Travel Insurance: We advise you to have travel insurance policy from your country, to protect against unforeseen accidents and mishaps during your travel to Bhutan. If you wish to do travel insurance here in Bhutan, you should let us know before coming to Bhutan.
Money: Foreign currency such as USD is widely accepted and can get exchanged at any banks in Bhutan or inform us to help you exchange. ATMs are located within all main towns throughout Bhutan, where money can be withdrawn using a Visa, MasterCard and Credit card.
INR (Indian Rupees) denominations of 500 and 1000 are not accepted in Bhutan.
Shopping: There are wide ranges of shopping centres in Bhutan. Visitors can shop Traditional Handicrafts, Textiles, Jewelleries, Masks, Woodcarving, Painting, Baskets and Bhutanese hand woven traditional dresses beside many others.
Electricity: You are recommended to bring flat-to-round pin converters for your electronics if necessary, however, most hotels offer multi plug sockets. Bhutan is a carbon neutral destination. Our energy is clean and green generated by hydro power.
Meals: Bhutanese tourist hotels offer buffet style meals with choice of Continental, Bhutanese and Indian cuisine. You have a wide range of food items to choose and there is no need to worry at all.
Bhutanese dishes in general are spicy with more chilli. Ema Datshi (Ema-Chilli, Datshi-Cheese), which is a combination of chilli and cheese is a famous curry item in Bhutan. Beside this, there are Sikam (dried pork) and Shakam (dried beef) which are served with red rice (locally cultivated).
photography: You are free to capture images of the landscape, rural life, flora and fauna, distinctive Bhutanese architecture and the exterior of Dzongs (fortresses)/Temples/Monasteries and Chortens (Stupas).
However, you should check with your guide before taking pictures or filming inside Dzongs, temples, monasteries and religious institutions as in some area photograph/filming is not permitted.
Time Zone: Bhutan standard time (BST) is six hours ahead of GMT and time zone is same throughout the country.
Travel Kids: In winter the temperature drop normally below 15 degrees Celsius in most of the country apart from South Region. And in general summers are warm with average daily temperature ranging from 20 to 25 degrees Celsius.
Note: The northern regions of the country are colder than the more tropical south and it is recommended you pack accordingly especially for trekkers. So we advice to bring appropriate warm clothes and comfortable hiking boots (well broken in) preferably with ankle support and weather-proof to complement the weather and rugged terrain.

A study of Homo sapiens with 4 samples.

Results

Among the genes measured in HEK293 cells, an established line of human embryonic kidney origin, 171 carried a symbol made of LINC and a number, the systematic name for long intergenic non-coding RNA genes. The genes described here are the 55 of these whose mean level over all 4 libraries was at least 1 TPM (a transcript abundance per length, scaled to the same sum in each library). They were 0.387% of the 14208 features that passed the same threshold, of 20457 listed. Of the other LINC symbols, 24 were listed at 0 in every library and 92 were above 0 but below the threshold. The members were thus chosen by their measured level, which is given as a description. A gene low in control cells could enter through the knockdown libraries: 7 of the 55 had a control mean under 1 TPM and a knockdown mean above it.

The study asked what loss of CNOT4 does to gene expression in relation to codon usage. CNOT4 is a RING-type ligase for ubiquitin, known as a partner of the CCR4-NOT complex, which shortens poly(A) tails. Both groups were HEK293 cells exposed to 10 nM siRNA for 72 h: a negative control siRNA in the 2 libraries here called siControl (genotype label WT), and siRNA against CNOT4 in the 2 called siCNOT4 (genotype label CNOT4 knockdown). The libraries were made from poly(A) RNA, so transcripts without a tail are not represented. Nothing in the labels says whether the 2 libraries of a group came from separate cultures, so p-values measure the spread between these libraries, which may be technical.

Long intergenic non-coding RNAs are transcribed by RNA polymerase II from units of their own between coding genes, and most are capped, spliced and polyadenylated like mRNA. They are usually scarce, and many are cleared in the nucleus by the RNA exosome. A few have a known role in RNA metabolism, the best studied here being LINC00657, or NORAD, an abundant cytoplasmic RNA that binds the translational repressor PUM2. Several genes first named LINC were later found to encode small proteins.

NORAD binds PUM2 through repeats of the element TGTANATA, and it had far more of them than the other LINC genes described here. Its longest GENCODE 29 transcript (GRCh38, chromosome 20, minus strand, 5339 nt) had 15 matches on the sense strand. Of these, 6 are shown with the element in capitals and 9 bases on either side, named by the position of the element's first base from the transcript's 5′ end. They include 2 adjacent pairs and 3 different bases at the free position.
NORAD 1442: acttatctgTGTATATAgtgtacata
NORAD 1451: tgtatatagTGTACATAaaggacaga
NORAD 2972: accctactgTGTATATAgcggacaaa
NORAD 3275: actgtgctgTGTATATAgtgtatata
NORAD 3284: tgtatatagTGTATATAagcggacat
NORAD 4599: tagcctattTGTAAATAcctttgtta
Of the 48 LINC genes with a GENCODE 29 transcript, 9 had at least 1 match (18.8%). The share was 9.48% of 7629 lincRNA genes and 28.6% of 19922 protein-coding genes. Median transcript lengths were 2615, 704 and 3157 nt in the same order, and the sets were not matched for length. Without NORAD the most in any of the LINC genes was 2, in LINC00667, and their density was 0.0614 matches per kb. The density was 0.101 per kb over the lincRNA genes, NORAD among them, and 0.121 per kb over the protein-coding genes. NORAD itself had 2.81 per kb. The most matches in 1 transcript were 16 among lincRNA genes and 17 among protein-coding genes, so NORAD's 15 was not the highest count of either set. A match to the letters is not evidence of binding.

Other things to pack:
- Sunscreen and Hat
- Sunglasses , insect repellent, soluble aspirin, antiseptic cream, altitude and car sickness medicines and so on
- Camera, Camera charger (accessible sockets with two and three pin plugs) spare batteries for camera and cell phone
- Good walking shoes and stocking
- Clothe- Pack clothes to protect from cold and would be better for the travelers to carry the layered clothes so that they can adjust according to the range of temperature and climatic conditions in the country. We do not advise you to wear T shirts and short skirts while visiting the Monasteries, Fortresses (Dzongs) and any other formal institutions.
Customs: The following articles are exempt from duty:
- Personal effects and articles for day to day use by the visitors
- 1 litre of alcohol (spirits or wine)
- 200 cigarettes, on payment of import duty of 200%
- Instruments, apparatus or appliances for professional use
- Photographic equipment, video cameras and other electronic goods for personal use
Communication: The Bhutanese people speak Dzongkha, the national language of Bhutan. Majority of Bhutanese also speak and understand English thus making the communication easy for all.
Dress and Paraphernalia: We request visitors to dress long pants and long sleeved tops when visiting such places especially if you are planning a visit to the monasteries, Dzongs and other religious institutions. As a mark of respect, be kind enough to remove your hats or caps as you enter religious and administrative premises, institutions and in any other place that you come across with the national flag being raised.
Gratuities: Tipping in restaurants and hotels are not compulsory, but tipping to guide and driver become the choice of the guest depending upon the services they render during your stay.